A look at the players then and now.
Tom Petters: The ultimate salesman who could “sell a ketchup popsicle to a lady wearing white gloves,” according to former employees. Sentenced to 50 years in prison on charges of money laundering, fraud and conspiracy. Currently at the federal prison at Leavenworth, Kan. Release date is April 25, 2052.*
Deanna Coleman: Petters’ confidant, one-time lover and right-hand assistant who blew the whistle to authorities and wore a hidden tape recorder just prior to the scheme’s collapse. Sentenced to 366 days in prison on one count of conspiracy to commit mail fraud. Sent to a federal prison camp in Pekin, Ill. Released Aug. 26, 2011. Currently living in North Central Minnesota. Coleman provided government testimony in the criminal trials of Petters and hedge fund manager James Fry. She otherwise has avoided the spotlight and has declined interview requests.
Larry Reynolds: A Los Angeles businessman who led a double life in the federal witness protection program after he testified for the government against the New England mob earlier in his career. Sentenced to nearly 11 years in prison on one count of conspiracy to commit money laundering. Currently at in the federal prison at Terminal Island, Calif. Release date is Dec. 17, 2019.
Robert White: The document forger on whose office door Petters would sometime bang and yell “FBI!” just as a joke. Sentenced to 5 years in prison on one count of mail fraud and one count of money laundering. Currently at the federal prison camp in Yankton, S.D. Release date is April 8, 2014.
Michael Catain: Ran a money laundering operation out of an office of his car wash in downtown Excelsior. Testified that he sent messages to Petters about a bountiful “cabbage crop” to signal the availability of cash. Sentenced to 7 1/2 years in prison on one count of conspiracy to commit money laundering. Currently at the federal prison camp in Duluth. Release date is March 31, 2017.
James Wehmhoff: Tax accountant for Petters and Petters Group Worldwide. Told a packed courtroom at his guilty plea hearing that he “lost his way” when he joined the Petters operation. Sentenced to one year of home detention on one count of conspiracy to commit tax evasion and one count of aiding and assisting tax fraud.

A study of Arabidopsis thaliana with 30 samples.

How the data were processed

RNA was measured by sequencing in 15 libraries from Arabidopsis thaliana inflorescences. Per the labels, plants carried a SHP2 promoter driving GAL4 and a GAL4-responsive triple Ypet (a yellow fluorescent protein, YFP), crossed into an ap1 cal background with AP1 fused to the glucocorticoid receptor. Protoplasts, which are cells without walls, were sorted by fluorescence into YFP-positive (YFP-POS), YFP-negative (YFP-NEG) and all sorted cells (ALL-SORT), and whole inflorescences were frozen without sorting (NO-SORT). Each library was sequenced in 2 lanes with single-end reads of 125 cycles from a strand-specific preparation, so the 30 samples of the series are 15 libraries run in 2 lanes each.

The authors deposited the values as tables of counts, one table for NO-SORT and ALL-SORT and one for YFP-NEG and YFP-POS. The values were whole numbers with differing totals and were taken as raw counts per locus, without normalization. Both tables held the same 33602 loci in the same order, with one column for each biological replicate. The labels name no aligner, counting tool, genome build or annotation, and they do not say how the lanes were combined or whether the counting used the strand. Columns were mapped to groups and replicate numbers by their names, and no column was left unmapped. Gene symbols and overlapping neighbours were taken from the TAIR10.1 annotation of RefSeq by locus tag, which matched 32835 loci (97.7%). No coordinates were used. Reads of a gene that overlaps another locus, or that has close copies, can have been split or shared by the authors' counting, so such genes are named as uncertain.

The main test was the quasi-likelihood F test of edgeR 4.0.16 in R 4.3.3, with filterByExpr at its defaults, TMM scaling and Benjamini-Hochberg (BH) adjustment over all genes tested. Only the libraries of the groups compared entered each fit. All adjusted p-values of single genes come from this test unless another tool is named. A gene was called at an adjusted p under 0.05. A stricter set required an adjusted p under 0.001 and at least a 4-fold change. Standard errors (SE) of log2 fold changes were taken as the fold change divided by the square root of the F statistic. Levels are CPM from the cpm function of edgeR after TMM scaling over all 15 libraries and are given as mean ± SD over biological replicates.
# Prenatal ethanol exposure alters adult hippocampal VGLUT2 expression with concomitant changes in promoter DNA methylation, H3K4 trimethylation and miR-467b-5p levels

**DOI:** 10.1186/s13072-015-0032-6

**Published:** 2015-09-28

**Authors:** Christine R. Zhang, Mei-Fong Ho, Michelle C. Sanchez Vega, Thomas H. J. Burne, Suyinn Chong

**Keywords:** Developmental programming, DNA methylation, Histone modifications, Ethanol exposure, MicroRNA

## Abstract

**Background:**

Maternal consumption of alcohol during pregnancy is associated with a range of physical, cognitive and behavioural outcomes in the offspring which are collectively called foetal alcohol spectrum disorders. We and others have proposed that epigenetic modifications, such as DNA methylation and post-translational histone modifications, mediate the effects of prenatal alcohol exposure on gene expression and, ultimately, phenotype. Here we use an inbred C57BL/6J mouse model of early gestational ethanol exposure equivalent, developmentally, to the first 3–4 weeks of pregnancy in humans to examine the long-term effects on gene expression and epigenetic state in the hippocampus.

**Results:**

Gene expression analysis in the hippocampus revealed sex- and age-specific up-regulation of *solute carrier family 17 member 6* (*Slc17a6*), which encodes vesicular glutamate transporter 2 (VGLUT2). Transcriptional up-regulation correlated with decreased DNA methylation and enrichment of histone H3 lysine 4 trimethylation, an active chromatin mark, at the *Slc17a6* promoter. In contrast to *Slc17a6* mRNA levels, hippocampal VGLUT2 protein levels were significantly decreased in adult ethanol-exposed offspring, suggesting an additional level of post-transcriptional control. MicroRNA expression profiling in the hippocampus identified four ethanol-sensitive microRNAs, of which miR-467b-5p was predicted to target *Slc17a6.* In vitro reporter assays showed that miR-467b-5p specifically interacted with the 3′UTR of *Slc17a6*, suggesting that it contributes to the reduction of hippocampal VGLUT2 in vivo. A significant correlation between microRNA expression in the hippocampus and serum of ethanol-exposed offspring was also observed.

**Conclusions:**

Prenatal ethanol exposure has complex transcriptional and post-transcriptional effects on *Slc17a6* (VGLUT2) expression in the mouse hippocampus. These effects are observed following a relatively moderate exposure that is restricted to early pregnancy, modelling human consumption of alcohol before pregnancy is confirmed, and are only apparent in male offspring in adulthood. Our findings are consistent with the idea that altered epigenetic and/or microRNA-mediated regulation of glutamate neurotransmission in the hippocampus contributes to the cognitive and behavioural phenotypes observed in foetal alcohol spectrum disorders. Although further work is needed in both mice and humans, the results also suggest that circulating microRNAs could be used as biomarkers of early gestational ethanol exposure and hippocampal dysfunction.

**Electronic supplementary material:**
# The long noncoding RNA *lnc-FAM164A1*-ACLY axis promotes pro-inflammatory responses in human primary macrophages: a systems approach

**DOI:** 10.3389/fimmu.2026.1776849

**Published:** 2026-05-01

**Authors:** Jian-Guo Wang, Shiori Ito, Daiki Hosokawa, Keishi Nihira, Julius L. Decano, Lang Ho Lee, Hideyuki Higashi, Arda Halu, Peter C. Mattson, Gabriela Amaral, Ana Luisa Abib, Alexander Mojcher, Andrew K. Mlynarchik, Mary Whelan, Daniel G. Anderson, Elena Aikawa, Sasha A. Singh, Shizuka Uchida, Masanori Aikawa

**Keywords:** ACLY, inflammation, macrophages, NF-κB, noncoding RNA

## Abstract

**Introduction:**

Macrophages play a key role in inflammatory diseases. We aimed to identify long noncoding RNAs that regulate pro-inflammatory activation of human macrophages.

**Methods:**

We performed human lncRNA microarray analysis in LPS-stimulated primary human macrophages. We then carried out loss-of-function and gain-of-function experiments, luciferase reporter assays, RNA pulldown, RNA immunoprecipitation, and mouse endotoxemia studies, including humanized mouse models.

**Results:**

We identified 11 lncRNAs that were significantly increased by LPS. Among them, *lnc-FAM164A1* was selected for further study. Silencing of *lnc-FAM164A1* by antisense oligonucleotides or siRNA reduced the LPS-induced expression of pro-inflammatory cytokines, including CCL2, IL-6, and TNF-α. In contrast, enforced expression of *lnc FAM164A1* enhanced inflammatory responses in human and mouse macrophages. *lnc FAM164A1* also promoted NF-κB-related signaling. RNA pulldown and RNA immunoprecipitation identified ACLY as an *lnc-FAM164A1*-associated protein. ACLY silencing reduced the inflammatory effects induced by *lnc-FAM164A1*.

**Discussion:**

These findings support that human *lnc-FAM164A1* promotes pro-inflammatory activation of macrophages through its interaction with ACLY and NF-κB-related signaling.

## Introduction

Gregory Bell: Chicago hedge fund manager who helped prop Petters up in the final days and then tried to hide personal assets in an offshore account once the scam was over. Sentenced to six years in prison on one count of wire fraud. Currently assigned to the federal Community Corrections Office in Chicago. Release date is Jan. 5, 2014.
James Fry: Mound hedge fund manager. Claimed he had no knowledge of the fraud but kept providing investor funds to Petters up until the very end. Collected $30 million in fees and commissions for his transactions. Found guilty on five counts of securities fraud, four counts of wire fraud and three counts of making false statements to the Securities and Exchange Commission. Yet to be sentenced.
Frank Vennes, Jr.: Petters’ fundraiser and middleman between Petters and Fry. Vennes often used his prison conversion to Christianity to entice investors. Pleaded guilty to one count of securities fraud and one count of money laundering. Yet to be sentenced.
*Release dates do not account for potential time off for good behavior.
U.S. Attorney: B. Todd Jones: sworn in Aug. 29 as the first permanent director of the U.S. Bureau of Alcohol, Tobacco, Firearms and Explosives in seven years.
Assistant U.S. Attorney Joe Dixon III: now in private practice as deputy general counsel for investigations at UnitedHealth Group.
Assistant U.S. Attorney John Marti: currently serving as acting U.S. Attorney until nominee Andy Luger is confirmed and sworn in.
Assistant U.S. Attorney Tim Rank: chief of the office’s white collar section.
Jon Hopeman: continues to practice law in the white collar defense area at Felhaber Larson Fenlon & Vogt and to teach part-time at the University of Minnesota Law School.
Paul Engh: returned to his criminal practice handling white collar crimes and major crimes of violence.
Eric Riensche: legal consultant to the Hazelden Foundation.
Many still await restitution which will likely to be a fraction of their losses. Victims who invested with Petters through Vennes have received about $8 million while creditors of Vennes claiming security interests obtained payments and assets valued at $6.6 million, according to receiver Gary Hansen. The Court-appointed receiver and bankruptcy trustee in the Petters case, Doug Kelley, has delivered $9.2 million to the U.S. Department of Justice for eventual distribution to investors and has obtained nearly $300 million in settlements and asset sales in the corporate bankruptcy but that case is far from settled with a spate of clawback lawsuits to recover “phantom profits” from investors remain unresolved.